THE High Court’s Commercial Division has ordered the Citibank Tanzania Limited to pay Total Tanzania Limited over 3bn/- for breach of terms of Letter of Credit in a transaction involving supply of some petroleum products.
Judge Stephen Magoiga ruled against Citibank, the defendant, after allowing a commercial suit lodged by the company, the plaintiff. The transaction related to the supply of 2,143 tonnes of mogas and other petroleum products at 1,150,924.94 US dollars by Alchemist Energy Trading to the plaintiff.
“I proceed to enter judgement and decree against the defendant. I declare that the defendant is liable to refund a total of 1,150,924.94 US dollars negligently debited from the plaintiff’s account at Citibank Dar es Salaam Branch,” he declared.
The judge further declared the defendant to have breached the terms of the letter of credit by debiting the amount from the plaintiff’s account in honoring the letter of credit without being issued and strictly compliance presentation.
He also ordered the defendant to pay the plaintiff company another sum of 300,000 US dollars as general damages and other payments of various interests as well as costs of suit.
Before reaching into a decision, the judge had to determine some issues, including whether there was a breach of the terms of the letters of credit, general agreement for issuance of letter of credit and documentary credit and guarantee standby letters of credit in complying presentation.
Having gone through the pleadings, testimonies of the witnesses, exhibits tendered and rival submissions for and against the parties, he answered the issue in the affirmative.
According to him, it was not disputed by parties that the plaintiff applied and defendant issued a Letter of Credit in favour of Alchemist Energy Trading DMCC for the sum of 1,150,924.94 US dollars to finance the supply of mogas and other petroleum products to the tune of 2143 Metric tonnes to the company.
He also noted that that there was no dispute that the plaintiff and the defendant entered into Letter of Credit arrangement via a contract for tender in favour of Alchemist Energy Trading DMCC, which presented a letter of indemnity and provisional invoice to Citibank Europe for payments.
Nevertheless, the judge pointed out that the letter of credit could only be used in two ways, including where the beneficiary is required to adhere to strictly compliance presentation upon arrival of the goods in the destination port by presenting the required documents.
This means that presentation of signed commercial invoice and seller’s letter of indemnity and ascertainment of the quality and quantity and certificates issued by independent inspector or using signed commercial invoice and seller’s letter of indemnity issued by beneficiary after arrival of goods.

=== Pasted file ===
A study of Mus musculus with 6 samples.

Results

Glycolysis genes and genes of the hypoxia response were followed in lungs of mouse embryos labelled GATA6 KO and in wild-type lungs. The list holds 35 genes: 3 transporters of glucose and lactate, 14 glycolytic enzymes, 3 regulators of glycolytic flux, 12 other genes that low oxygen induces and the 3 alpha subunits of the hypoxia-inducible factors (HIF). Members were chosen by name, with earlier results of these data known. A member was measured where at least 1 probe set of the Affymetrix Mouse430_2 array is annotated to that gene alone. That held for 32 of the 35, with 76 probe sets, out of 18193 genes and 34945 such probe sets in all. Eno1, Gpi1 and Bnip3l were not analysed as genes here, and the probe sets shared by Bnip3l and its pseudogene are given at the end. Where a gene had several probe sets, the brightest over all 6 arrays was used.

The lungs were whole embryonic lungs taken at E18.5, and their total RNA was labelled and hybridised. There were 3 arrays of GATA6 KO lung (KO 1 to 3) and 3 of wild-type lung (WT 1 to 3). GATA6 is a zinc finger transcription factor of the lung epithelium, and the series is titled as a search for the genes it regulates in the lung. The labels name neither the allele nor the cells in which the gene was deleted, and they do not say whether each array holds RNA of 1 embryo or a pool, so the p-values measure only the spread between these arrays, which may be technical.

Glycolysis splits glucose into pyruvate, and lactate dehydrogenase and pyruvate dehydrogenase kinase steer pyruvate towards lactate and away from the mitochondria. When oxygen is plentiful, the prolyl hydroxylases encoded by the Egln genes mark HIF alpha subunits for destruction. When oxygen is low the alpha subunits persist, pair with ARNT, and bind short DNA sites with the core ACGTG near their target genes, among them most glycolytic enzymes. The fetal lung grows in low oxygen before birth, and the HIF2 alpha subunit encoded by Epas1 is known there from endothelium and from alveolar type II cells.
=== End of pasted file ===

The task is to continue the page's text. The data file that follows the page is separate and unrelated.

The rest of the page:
The second way, he said, could be in case of arrival quantity and or the price at the port of destination or on the first day of delivery laycan is not known at the time of Letter of Credit utilization.
“In the second scenario, in my considered opinion, the beneficiary cannot utilize Letter of Credit unless and until the goods arrives at the port of destination,” the judge said.
In that way, he said, the purchaser would equally be protected and is the duty of both issuing and confirming banks to be satisfied that delivery is done and very vital without which no payment can go safely but at the detriment of the bank.
However, the judge noted, no arrival of quantity was done but the defendant went on to authorize and pass payment despite resistance by the plaintiff.
“This was wrong and it left the purchaser unprotected and eroded the bedrock of international trade which is embedded on trust and adherence to the terms and conditions of Letters of Credit,” he said.
Such failure, the judge said, undermined the protection and promotion of international trade in using Letter of Credit because without laycan (delivery), no way should payments have been allowed and the wording of the Letter of Credit was to that effect.
According to the plaint, at the request of the plaintiff, on March 1, 2021 the defendant issued Letter of Credit in favour of Alchemist Energy Trading DMCC to undertake payments of the sum of 1,150,924.94 US dollars for petroleum products to be supplied to the plaintiff.
It was terms of agreement, among others, that the defendant was to make payment upon presentation of signed commercial invoice, certificate of origin, certificate of quality issued on arrival on ships tank composite issued by independent inspector and certificate of quantity issued on vessel arrival.
Where such document are not available payments were to be made against presentation of signed commercial invoice and seller’s letter of indemnity.
Through the Petroleum Bulk Procurement Agency the plaintiff ordered Alchemist Energy Trading DMCC to supply it with 1,520 metric tons of petroleum products worth 1,150,924.94 US dollars which was to be supplied to plaintiff between March 3 and 5, 2021.
Unfortunately, Alchemist Energy Trading was not able to deliver the goods on agreed dates and was postponed to March 14, 2021 which the same was not honoured leading to extension of delivery time between May 15 and 17, 2021 but which ended up in vain, thus the agreement was terminated.
Following that termination, the plaintiff requested the defendant not to make any payment to Alchemist Energy Trading against letter of credit for want of consideration. However, the defendant refused the request because presentation of the document and discount of Letter of Credit has already been made.